Allergies and Hay Fever - March 21, 2007
Jeff Schalau, Associate Agent, Agriculture & Natural Resources, Arizona Cooperative Extension, Yavapai County
This spring, experts have measured the highest pollen counts they've seen in the last decade and allergists predict the spring of 2007 may prove to be a tough year for those that suffer from pollen allergies. This was probably brought about by a mild winter, an early spring and unusually warm days. Understanding allergies may not make you feel better, but there are some things that allergy sufferers can do to reduce the amount of pollen in their immediate environment and informational resources that can validate concerns as to what type of pollen is currently in the air.
Pollen allergies from plants that flower seasonally (usually spring or fall). Symptoms often include nasal stuffiness, runny nose, sneezing, itching in the nose and throat, itchy, watery red eyes, fatigue, and headache. According to the University of Arizona Health Sciences Center, allergies affect at least 35% of the population and often need treatment to improve quality of life and reduce risk of complications.
Pollens are the tiny, egg-shaped male reproductive cells of flowering plants. Most pollen will become an allergen if a susceptible person is exposed to a sufficient quantity of it. Attractive, brightly colored flowers that are pollinated only by insects rarely cause allergy. Wind-pollinated plants produce comparatively huge quantities of pollen that become airborne easily and can travel 20 miles or more on a windy day. Pollen from all grasses, many weeds, junipers, pines, and most of the common deciduous trees are disseminated by wind. This problem has been made worse by the introduction of exotic species in our landscapes.
Our warmer-than-average spring has hastened the bloom of many allergy causing plants and we have many species that can cause allergies in our area. Local trees and shrubs that produce wind-borne pollen are: ash, cottonwood, olive, desert broom, hackberry, juniper, mesquite, mulberry, oak, pine, cypress, sycamore, salt cedar, pecan, black walnut, four-wing saltbush, and elm trees. Grasses are: bermudagrass, johnsongrass, and ryegrass. Annuals, perennials, and shrubs are: alfalfa, pigweed, cocklebur, lambsquarter, ragweed, and Russian thistle (tumbleweed). This is not an all-inclusive list, but it probably contains most of our worst allergenic pollen producers.
In an effort to reduce pollen originating from residential and commercial landscapes, Pima County (Tucson area) has enacted landscape codes that prohibit the sales of mulberry trees, and pollen producing olive tree varieties. In addition, common bermudagrass must be mowed regularly to reduce excessive flowering. If the owner does not maintain the turf, they will have it done for you and send you the bill. It should be noted that well-maintained and properly fertilized bermudagrass will produce few, if any, flowers. There are also sterile hybrid bermudagrasses that produce no pollen and must be propagated through vegetative means (sowing stolons rather than seed).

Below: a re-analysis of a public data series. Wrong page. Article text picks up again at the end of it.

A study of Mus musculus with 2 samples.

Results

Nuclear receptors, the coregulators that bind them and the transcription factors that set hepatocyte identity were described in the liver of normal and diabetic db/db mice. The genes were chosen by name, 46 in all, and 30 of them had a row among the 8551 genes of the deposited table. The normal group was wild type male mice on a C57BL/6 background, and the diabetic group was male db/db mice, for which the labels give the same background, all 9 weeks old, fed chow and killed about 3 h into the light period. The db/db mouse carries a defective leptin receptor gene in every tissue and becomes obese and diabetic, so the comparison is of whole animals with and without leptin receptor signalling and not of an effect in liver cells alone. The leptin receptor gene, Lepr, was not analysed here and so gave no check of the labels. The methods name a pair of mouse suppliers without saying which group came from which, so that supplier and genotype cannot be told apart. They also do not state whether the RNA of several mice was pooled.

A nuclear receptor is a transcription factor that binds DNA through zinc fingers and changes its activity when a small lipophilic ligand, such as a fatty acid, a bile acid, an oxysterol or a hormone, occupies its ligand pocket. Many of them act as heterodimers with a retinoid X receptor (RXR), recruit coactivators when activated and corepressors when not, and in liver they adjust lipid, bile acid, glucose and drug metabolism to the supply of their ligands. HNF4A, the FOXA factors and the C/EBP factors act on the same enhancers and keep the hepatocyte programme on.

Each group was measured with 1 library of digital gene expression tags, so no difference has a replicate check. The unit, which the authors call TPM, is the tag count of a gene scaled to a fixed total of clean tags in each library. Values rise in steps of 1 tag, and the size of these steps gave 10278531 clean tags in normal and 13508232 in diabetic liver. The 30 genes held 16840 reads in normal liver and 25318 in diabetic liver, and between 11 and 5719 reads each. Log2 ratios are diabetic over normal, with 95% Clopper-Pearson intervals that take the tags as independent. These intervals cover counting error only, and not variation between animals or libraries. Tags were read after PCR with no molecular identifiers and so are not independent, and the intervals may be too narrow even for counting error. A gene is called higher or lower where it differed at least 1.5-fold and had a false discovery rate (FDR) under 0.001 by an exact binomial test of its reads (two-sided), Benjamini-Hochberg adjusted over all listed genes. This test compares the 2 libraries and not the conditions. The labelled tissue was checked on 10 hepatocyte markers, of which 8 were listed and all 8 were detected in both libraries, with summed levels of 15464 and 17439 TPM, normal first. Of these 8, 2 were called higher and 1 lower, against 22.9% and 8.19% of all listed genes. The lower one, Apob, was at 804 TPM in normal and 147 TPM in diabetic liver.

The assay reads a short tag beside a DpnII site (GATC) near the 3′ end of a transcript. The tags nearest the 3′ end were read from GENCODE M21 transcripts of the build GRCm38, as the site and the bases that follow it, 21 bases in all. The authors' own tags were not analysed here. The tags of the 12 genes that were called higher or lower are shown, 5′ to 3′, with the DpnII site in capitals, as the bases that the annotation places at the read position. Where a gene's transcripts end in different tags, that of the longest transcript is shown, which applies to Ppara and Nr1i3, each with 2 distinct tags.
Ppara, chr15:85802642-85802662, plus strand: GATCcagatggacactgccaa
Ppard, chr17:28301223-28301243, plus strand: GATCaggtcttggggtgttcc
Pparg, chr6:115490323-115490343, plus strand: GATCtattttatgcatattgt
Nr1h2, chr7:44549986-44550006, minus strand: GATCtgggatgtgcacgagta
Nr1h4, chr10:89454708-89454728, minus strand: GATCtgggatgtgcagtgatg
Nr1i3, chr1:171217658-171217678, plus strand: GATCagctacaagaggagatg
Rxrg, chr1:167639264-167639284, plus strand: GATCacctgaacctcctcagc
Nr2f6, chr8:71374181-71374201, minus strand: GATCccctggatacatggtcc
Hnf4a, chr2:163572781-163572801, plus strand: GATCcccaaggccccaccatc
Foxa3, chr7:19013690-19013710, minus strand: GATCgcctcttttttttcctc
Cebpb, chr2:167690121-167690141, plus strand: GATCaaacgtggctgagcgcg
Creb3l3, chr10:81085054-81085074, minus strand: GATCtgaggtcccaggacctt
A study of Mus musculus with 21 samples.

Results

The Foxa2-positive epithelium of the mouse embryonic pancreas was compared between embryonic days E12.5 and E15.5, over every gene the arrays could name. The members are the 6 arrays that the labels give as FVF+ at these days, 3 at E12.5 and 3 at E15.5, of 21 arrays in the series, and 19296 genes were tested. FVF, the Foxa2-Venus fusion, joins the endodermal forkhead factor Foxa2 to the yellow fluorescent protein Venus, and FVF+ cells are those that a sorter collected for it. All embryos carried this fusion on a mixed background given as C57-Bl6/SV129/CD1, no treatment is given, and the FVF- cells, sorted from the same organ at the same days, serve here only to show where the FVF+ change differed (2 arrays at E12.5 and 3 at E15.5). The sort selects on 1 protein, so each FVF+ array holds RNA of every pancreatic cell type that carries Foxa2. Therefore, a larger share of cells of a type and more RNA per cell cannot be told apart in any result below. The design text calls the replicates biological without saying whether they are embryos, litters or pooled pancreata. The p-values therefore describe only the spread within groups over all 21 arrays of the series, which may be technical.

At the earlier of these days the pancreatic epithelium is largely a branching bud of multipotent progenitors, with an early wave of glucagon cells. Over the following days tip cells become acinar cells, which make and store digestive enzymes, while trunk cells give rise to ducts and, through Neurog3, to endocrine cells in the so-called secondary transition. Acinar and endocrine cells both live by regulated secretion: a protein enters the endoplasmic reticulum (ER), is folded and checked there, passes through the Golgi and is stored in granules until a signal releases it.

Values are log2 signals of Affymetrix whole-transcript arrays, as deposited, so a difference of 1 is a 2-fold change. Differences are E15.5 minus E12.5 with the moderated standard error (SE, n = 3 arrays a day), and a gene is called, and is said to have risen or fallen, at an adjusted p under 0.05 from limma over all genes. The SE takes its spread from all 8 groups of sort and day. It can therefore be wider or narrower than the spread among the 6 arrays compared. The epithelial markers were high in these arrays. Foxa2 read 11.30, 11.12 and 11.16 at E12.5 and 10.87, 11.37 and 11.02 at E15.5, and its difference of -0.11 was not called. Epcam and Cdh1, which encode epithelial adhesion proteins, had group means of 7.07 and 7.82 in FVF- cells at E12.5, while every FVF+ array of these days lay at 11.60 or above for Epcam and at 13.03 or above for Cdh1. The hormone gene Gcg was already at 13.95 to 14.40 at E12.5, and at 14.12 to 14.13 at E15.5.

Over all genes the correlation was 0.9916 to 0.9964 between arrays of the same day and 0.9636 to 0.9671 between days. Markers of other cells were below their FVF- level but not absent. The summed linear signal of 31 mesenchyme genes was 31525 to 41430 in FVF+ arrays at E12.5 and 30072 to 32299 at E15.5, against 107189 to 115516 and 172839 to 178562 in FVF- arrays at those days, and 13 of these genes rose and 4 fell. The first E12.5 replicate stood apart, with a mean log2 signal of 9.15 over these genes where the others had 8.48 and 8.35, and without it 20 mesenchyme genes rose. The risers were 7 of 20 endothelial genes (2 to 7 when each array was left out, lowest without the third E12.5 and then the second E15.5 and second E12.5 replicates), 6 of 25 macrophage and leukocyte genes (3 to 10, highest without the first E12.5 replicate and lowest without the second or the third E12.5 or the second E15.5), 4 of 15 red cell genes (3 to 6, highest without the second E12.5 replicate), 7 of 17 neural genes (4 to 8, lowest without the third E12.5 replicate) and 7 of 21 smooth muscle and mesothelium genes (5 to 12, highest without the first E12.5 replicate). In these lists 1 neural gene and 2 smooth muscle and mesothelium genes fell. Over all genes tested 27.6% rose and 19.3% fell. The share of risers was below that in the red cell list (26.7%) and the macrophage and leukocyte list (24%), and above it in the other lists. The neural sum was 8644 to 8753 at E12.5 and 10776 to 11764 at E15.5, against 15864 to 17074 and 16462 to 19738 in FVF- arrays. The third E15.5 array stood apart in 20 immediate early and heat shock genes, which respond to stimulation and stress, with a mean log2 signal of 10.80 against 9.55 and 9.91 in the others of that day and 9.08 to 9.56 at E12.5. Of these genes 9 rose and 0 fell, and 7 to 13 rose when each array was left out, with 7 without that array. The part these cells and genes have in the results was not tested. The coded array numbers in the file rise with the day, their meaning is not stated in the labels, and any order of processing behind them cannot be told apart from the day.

It is sometimes useful for allergy sufferers to know which pollen species are present at any given time. This is done by conducting a pollen count. Pollen counts measure the amount of airborne allergens present in the air at the time of sample collection. Counts are reported as grains per cubic meter of air. Certified aeroallergen counters at many universities, medical centers and clinics often provide these counts on a volunteer basis.
The American Academy of Allergy, Asthma and Immunology (AAAAI) has a network of pollen counters across the United States. Each counter works under the direction of an AAAAI member and must first pass an intensive certification course. Counters use air sampling equipment to capture air-borne pollens. Data from AAAAI can be accessed on the Internet at: www.aaaai.org. Arizona’s only cooperator is in Scottsdale. The Scottsdale site reported high concentrations of pollen from trees and the Los Alamos, NM and Las Vegas, NV sites both reported very high concentrations of pollen from trees. Additional information is also available from the University of Arizona Health Sciences Center Web Site at: www.peds.arizona.edu/allergyimmunology/southwest/. Finally, if allergies are getting the best of you, consider seeing and allergist or immunologist.
The University of Arizona Cooperative Extension has publications and information on gardening and pest control. If you have other gardening questions, call the Master Gardener line in the Cottonwood office at 646-9113 ext. 14 or E-mail us at firstname.lastname@example.org and be sure to include your address and phone number. Find past Backyard Gardener columns or submit column ideas at the Backyard Gardener web site: http://cals.arizona.edu/yavapai/anr/hort/byg/.